The principle of 'caveat emptor' (buyer beware) applies where a defect in the common parts of the building causes damage to a unit let to a tenant.
In the case Jackson v J H Watson Property Investment Ltd, Mr Jackson was the tenant of a flat under a new 125 year lease. Shortly after the lease was granted water started to leak into the flat, as a result of a defect in the concrete in the light wells which adjoined the flat. The light wells did not form part of the demise but were common parts.
There was no liability of the landlord under the repairing covenants in the lease. This was because the problem arose as a result of an inherent defect. As the state of the premises was no worse than when they had been constructed, there was no disrepair, and the repairing obligation did not apply.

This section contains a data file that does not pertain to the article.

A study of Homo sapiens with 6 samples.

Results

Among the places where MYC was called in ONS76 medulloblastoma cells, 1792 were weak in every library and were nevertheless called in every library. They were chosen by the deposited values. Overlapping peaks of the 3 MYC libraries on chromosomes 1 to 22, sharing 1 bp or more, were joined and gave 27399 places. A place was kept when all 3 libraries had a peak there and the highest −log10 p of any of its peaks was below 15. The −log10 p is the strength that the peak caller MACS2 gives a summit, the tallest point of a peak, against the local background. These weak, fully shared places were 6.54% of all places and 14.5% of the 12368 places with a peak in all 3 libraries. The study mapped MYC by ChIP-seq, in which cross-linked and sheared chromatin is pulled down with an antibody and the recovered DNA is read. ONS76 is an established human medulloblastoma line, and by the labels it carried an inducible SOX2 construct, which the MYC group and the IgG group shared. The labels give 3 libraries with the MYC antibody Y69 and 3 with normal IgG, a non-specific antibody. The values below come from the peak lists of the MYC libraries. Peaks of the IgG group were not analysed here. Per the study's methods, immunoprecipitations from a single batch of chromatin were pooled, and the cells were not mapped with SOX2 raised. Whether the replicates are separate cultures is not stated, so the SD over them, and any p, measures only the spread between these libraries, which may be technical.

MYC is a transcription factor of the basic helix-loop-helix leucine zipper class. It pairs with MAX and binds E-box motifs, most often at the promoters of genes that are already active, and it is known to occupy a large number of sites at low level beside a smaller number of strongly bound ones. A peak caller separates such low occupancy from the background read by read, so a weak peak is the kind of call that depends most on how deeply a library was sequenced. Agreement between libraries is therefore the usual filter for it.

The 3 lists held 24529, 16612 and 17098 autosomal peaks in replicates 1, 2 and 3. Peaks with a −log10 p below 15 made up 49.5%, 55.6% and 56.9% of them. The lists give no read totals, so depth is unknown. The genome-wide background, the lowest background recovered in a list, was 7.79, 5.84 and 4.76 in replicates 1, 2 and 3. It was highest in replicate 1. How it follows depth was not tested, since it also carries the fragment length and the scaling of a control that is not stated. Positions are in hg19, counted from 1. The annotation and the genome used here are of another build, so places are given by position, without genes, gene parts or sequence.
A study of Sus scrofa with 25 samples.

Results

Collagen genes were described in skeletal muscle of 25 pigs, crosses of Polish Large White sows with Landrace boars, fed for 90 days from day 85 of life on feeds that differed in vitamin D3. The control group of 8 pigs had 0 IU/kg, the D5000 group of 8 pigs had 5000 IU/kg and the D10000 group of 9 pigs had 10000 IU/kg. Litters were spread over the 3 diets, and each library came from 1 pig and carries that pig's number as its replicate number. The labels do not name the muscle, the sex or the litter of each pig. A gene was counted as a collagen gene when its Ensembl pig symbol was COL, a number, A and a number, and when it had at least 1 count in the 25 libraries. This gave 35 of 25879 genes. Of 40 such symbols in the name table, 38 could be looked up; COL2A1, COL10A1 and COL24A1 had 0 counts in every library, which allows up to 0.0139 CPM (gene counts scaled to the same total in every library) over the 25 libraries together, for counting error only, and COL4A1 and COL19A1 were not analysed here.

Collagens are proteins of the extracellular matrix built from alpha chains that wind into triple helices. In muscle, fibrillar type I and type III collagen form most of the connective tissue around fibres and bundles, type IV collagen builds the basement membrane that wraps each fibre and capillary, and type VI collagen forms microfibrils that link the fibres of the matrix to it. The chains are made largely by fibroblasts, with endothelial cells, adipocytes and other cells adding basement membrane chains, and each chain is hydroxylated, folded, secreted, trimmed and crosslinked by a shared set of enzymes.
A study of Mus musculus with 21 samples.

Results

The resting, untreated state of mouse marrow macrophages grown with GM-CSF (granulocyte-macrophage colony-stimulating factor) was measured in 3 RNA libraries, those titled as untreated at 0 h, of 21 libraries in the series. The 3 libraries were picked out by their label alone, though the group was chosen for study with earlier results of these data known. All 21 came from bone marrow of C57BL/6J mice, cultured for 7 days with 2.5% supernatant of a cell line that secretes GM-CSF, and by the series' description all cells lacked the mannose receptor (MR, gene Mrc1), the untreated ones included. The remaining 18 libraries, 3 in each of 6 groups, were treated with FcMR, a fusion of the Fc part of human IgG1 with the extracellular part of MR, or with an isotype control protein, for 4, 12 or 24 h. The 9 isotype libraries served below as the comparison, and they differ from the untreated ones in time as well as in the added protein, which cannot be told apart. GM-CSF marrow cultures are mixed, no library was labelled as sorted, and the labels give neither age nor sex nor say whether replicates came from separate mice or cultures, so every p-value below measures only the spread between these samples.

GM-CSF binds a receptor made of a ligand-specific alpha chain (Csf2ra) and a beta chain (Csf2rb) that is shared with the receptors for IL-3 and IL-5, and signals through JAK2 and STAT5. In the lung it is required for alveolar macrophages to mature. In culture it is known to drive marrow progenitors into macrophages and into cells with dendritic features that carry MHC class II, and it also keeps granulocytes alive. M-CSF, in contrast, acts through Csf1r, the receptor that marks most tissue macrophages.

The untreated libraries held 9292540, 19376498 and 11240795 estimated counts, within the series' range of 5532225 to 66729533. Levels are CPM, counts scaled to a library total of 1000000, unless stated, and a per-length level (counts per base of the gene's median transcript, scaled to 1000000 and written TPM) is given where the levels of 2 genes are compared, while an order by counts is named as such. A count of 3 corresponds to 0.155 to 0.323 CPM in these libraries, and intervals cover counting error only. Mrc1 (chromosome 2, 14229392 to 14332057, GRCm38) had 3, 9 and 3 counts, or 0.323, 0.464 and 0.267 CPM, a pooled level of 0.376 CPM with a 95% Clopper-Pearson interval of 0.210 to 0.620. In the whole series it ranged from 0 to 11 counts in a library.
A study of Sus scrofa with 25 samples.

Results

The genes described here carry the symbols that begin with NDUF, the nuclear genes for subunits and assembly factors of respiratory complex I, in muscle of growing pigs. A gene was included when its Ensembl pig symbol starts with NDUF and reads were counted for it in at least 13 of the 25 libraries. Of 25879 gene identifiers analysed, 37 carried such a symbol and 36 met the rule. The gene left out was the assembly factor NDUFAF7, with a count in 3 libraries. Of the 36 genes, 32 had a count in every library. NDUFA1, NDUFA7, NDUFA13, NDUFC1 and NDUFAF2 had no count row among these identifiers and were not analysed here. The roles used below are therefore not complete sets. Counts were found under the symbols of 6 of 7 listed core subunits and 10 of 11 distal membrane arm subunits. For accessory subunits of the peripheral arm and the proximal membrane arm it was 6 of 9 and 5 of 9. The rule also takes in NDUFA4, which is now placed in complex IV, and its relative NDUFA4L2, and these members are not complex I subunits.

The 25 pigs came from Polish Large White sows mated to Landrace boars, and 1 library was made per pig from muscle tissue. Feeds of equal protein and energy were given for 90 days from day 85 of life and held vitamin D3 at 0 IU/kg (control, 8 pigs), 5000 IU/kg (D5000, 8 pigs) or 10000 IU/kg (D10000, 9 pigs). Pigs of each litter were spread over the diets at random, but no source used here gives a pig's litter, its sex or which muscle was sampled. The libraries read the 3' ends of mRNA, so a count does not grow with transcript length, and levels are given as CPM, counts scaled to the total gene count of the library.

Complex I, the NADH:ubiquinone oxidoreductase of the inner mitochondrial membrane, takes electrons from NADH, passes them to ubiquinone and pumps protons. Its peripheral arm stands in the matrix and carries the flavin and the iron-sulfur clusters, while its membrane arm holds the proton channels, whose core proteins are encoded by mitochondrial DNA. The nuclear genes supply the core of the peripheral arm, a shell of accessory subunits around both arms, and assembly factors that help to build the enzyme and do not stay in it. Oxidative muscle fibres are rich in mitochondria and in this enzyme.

Mr Jackson therefore tried to argue that the landlord was liable in nuisance. However, because the defect in the concrete was present prior to the granting of the lease, the principle of 'caveat emptor' or 'caveat lessee' applied.
Things to consider
The law does not imply a term into a tenancy that the property is fit for occupation. It is up to the tenant to satisfy itself, via a survey, searches and enquiries, that the premises are suitable for the purpose for which it is taking them. The tenant cannot rely on the law of nuisance to impose an obligation to rectify faulty construction work.
Tenants of new commercial buildings are well advised to obtain the benefit of collateral warranties from the construction and design team, to ensure that they are not left without a remedy in this situation.